Doctoral Dissertations

Date of Award


Degree Type


Degree Name

Doctor of Philosophy


Electrical Engineering

Major Professor

Leon M. Tolbert

Committee Members

Hua Bai, Han Cui, Franklin Curtis


This dissertation includes a review of various motor types, a motivation for selecting the switched reluctance motor (SRM) as a focus of this work, a review of SRM design and control optimization methods in literature, a proposed co-optimization approach, and empirical evaluations to validate the models and proposed co-optimization methods.

The switched reluctance motor (SRM) was chosen as a focus of research based on its low cost, easy manufacturability, moderate performance and efficiency, and its potential for improvement through advanced design and control optimization. After a review of SRM design and control optimization methods in the literature, it was found that co-optimization of both SRM design and controls is not common, and key areas for improvement in methods for optimizing SRM design and control were identified. Among many things, this includes the need for computationally efficient transient models with the accuracy of FEA simulations and the need for co-optimization of both machine geometry and control methods throughout the entire operation range with multiple objectives such as torque ripple, efficiency, etc.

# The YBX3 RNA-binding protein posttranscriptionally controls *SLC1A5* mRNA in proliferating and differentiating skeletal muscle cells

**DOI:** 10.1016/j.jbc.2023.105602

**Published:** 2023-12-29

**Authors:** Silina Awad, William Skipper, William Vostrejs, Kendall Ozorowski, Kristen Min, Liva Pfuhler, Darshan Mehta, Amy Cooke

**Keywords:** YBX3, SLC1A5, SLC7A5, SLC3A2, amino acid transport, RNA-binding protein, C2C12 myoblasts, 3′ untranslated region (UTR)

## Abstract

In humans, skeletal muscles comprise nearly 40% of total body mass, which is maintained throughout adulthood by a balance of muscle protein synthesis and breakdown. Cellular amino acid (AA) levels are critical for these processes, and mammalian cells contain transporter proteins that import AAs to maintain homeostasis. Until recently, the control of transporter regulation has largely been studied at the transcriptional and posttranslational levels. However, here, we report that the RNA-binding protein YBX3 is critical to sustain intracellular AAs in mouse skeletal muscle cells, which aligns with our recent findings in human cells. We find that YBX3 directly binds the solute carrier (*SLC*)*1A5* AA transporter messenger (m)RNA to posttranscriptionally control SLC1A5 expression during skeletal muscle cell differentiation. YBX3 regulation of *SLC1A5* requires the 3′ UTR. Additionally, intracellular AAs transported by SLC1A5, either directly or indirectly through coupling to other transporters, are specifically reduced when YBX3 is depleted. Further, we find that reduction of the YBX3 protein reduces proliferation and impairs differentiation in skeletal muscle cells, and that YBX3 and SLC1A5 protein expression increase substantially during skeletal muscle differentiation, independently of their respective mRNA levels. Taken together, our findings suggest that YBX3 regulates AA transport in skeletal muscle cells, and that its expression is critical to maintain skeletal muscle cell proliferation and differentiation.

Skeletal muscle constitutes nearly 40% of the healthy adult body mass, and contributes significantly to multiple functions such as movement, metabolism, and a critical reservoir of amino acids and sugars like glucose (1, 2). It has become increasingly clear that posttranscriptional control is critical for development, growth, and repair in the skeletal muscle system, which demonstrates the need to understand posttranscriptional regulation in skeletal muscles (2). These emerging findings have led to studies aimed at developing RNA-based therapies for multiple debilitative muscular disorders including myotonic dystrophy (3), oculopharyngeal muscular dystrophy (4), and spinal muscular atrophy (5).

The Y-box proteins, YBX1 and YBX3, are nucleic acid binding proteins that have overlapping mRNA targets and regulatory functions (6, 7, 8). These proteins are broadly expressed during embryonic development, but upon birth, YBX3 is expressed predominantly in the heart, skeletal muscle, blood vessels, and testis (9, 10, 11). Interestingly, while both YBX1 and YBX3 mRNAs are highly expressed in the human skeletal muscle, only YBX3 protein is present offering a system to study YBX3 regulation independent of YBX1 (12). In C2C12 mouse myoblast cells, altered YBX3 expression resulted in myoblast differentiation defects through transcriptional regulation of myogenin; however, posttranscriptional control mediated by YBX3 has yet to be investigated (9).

A modeling and optimization framework with multiple stages is proposed that includes robust transient simulators that use mappings from FEA in order to optimize SRM geometry, windings, and control conditions throughout the entire operation region with multiple objectives. These unique methods include the use of particle swarm optimization to determine current profiles for low to moderate speeds and other optimization methods to determine optimal control conditions throughout the entire operation range with consideration of various characteristics and boundary conditions such as voltage and current constraints. This multi-stage optimization process includes down-selections in two previous stages based on performance and operational characteristics at zero and maximum speed. Co-optimization of SRM design and control conditions is demonstrated as a final design is selected based on a fitness function evaluating various operational characteristics including torque ripple and efficiency throughout the torque-speed operation range. The final design was scaled, fabricated, and tested to demonstrate the viability of the proposed framework and co-optimization method.

Accuracy of the models was confirmed by comparing simulated and empirical results. Test results from operation at various torques and speeds demonstrates the effectiveness of the optimization approach throughout the entire operating range. Furthermore, test results confirm the feasibility of the proposed torque ripple minimization and efficiency maximization control schemes. A key benefit of the overall proposed approach is that a wide range of machine design parameters and control conditions can be swept, and based on the needs of an application, the designer can select the appropriate geometry, winding, and control approach based on various performance functions that consider torque ripple, efficiency, and other metrics.